A constant garda presence in the inner-city suburb of Dolphin's Barn has forced drug dealers, who have been intimidating locals, to move their business to under the Rialto bridge on the Grand Canal.
Tensions remain high in the Dolphin House complex and locals fear that as soon as gardaí leave, the community will again be targeted in violent attacks.
This weekend, at the entrance of the estate that houses 1,000 residents, a garda stops and checks all the cars. As the Sunday Tribune takes photos of the scene, it is advised to "f**k off" from residents involved in criminality watching from nearby windows.
There are four main drug dealers living in the Dolphin House flats complex who, up until two weeks ago, had several teenagers selling their heroin and cocaine in the stairwell of the complex and around the area. But the implementation of a 24-hour garda patrol, which has the support of the majority of the local community, has curtailed the drug-dealing.
Two of then main dealers do not use drugs themselves and are allegedly behind the damage of up to 30 cars two weeks ago, where tyres were slashed and acid poured over them. The pair are also believed to made a bomb scare threat outside a community centre in Dolphin's Barn a few days earlier. Within days of that incident, a woman was wounded when another woman attacked her with a key. This was also linked to the dispute over drug-dealing.
It is understood the victim, whose injuries were not serious, was involved in criminality and was targeted because of anger over residents' cars being vandalised.
The intimidation began when drug dealers blamed the local community for the erection of a wall at the back of the housing complex that stopped addicts coming in. "It used to be terrible. There would be kids out playing and addicts would be roaming around trying to score. The gardaí being here all the time now has given us a bit of respite but if they leave, we're afraid what might happen," said a local resident.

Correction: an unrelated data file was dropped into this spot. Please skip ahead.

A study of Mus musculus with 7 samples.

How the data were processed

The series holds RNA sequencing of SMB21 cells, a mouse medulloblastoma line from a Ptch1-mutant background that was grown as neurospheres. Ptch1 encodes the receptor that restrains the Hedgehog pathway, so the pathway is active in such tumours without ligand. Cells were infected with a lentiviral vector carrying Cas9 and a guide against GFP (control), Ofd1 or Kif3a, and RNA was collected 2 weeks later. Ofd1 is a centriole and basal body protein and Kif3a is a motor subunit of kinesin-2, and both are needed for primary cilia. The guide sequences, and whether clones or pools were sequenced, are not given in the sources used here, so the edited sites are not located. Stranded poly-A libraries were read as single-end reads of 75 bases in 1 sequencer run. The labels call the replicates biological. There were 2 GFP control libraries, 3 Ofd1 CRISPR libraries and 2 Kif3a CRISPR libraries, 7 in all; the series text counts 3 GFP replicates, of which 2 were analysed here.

A garda source said the four main drug dealers have had their homes searched since the recent trouble but no significant drugs finds were made. One of the dealers was prosecuted for selling heroin on three separate occasions recently and only received a four-month sentence. "He was back out on the streets in no time. The younger guys see this and think it's worth the risk," he said.
The local community is also angry because of the damage done to property, and there is talk of retaliation.
In 1999, semi-invalid heroin addict Josie Dwyer (41) was beaten to death by an anti-drugs parents mob in Dolphin's Barn.
"Cool heads are required to move things forward. The local people are understandably angry and are quite capable of expressing their anger," said Labour councillor Eric Byrne, who is director of the Dolphin House Community Development Association.
Next month, the local tenancy agreement will be updated and drug-dealing will be listed as a specific offence in a bid to evict some of the dealers.
"Hopefully, that will get some of them out. There is great community spirit here and the vast majority of people are law-abiding," he added.
Lord mayor of Dublin Eibhlin Byrne, who has met with Dolphin's Barn community representatives, said that Dublin communities will not be intimidated by groups of mindless thugs intent on wreaking havoc. "The situation in Dolphin House will simply not be tolerated. And if these gangs think they can terrorise people with no recriminations, they should think again. I will be monitoring the situation for the next five weeks and working with the people who live in this area in an effort to put a stop to any form of bullying or harassment of locals," she said.
Rory Hearne, regeneration officer with the Dolphin House Community Development Association, said there is "huge fear" among locals at the moment and that the long-mooted regeneration plans need to be implemented.
"If regeneration does not happen here, things will only get worse. The fear is that the most stable residents will leave and the vulnerable residents will stay," he said.
"It will become a sink estate. During the Celtic Tiger years, this area was neglected and we're paying the price now."
As you can see it is very effective. Let's congratulate ourselves !!